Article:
A U.S. Senate panel Friday opened hearings on an internal Defense Department report criticizing the intelligence work on Iraq by senior civilian officials before the U.S.-led invasion in 2003. VOA's Deborah Tate reports from Capitol Hill.

In testimony before the Senate Armed Services Committee, the Defense Department's acting inspector general, Thomas Gimble, said the conclusion reached in 2002 by former undersecretary for policy Douglas Feith that there were ties between Iraq and al-Qaida was not supported by the intelligence community.

"We found that the office of the undersecretary of defense for policy developed, produced and disseminated alternative intelligence assessments on Iraq-al Qaida relations, which included conclusions inconsistent with the consensus of the intelligence community, and these were presented to senior decision makers," he said.

Democrats, who have long accused the Bush administration of manipulating intelligence to make the case for war, reacted strongly to the report.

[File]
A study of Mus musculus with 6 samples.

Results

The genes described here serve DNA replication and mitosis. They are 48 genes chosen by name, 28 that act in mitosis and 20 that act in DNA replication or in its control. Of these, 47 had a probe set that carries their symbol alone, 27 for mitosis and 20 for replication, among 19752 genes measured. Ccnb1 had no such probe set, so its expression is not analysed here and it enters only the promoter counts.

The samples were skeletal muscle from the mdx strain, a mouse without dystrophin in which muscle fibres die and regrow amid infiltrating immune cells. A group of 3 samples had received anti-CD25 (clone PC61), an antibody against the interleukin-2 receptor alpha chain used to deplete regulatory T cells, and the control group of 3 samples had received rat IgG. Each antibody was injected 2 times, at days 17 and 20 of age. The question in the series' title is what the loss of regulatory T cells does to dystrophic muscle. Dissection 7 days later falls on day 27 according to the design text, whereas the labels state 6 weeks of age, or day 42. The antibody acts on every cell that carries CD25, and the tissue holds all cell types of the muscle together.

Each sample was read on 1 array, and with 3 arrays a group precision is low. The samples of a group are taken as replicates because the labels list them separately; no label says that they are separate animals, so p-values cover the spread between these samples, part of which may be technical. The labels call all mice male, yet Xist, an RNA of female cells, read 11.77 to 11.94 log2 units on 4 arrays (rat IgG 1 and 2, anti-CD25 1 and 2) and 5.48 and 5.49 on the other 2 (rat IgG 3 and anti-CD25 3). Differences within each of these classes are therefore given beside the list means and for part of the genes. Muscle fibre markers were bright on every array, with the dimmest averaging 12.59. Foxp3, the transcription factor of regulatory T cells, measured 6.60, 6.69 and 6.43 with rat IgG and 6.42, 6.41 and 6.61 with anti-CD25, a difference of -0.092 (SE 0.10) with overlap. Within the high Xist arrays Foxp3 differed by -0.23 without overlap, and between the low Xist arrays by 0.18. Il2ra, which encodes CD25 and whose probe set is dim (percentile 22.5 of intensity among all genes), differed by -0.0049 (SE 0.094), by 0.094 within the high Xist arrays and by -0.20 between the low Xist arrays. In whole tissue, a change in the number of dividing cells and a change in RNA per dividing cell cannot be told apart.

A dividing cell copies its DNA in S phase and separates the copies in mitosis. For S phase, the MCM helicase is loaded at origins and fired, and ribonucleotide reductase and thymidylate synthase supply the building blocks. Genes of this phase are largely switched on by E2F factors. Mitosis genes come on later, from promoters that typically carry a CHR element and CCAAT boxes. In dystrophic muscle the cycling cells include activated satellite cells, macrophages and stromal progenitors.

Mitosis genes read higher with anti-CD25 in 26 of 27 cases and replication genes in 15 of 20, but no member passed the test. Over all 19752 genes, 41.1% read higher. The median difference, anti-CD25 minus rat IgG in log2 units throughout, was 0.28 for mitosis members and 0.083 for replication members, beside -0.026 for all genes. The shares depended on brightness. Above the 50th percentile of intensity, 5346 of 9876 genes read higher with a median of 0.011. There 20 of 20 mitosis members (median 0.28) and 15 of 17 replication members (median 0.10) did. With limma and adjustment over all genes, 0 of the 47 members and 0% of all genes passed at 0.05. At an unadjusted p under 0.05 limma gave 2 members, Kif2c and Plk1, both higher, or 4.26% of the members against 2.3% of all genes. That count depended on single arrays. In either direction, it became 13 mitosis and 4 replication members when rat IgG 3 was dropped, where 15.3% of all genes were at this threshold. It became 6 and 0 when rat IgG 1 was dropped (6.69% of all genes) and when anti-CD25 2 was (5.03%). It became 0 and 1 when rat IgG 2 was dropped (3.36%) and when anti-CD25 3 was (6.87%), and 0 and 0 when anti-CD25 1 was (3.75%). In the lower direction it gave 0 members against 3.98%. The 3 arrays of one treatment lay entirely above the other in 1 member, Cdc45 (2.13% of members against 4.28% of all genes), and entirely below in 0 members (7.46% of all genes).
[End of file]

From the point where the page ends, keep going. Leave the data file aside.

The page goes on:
"The inspector general's report is a devastating condemnation of inappropriate activities by the DoD policy office that helped take this nation to war," said Senator Carl Levin, a Michigan Democrat, who is chairman of the Armed Services Committee.

Under questioning by Republicans, Inspector General Gimble acknowledged that the activities of the Pentagon's policy office were not illegal or unauthorized, although he did describe them as inappropriate.

But Republicans argued that the policy office's work analyzing intelligence gathered by intelligence agencies was very appropriate.

Senator Jeff Sessions, an Alabama Republican, made the point as an anti-war protester sought to disrupt the proceedings.

"There is a group of people who think there were staffers that were part of some cabal to start a war for oil or some such thing as that, and were not committed to the decency of America, and try to make this country better, and that they cooked up all of this stuff," he said. "I think your report shows that that is absolutely untrue. There was basis on which these issues were raised, these issues are often in dispute and difficult to know what the real facts are."

At the White House, spokeswoman Dana Perino said President Bush has revamped the intelligence community to ensure that flawed intelligence does not impact policy decisions again.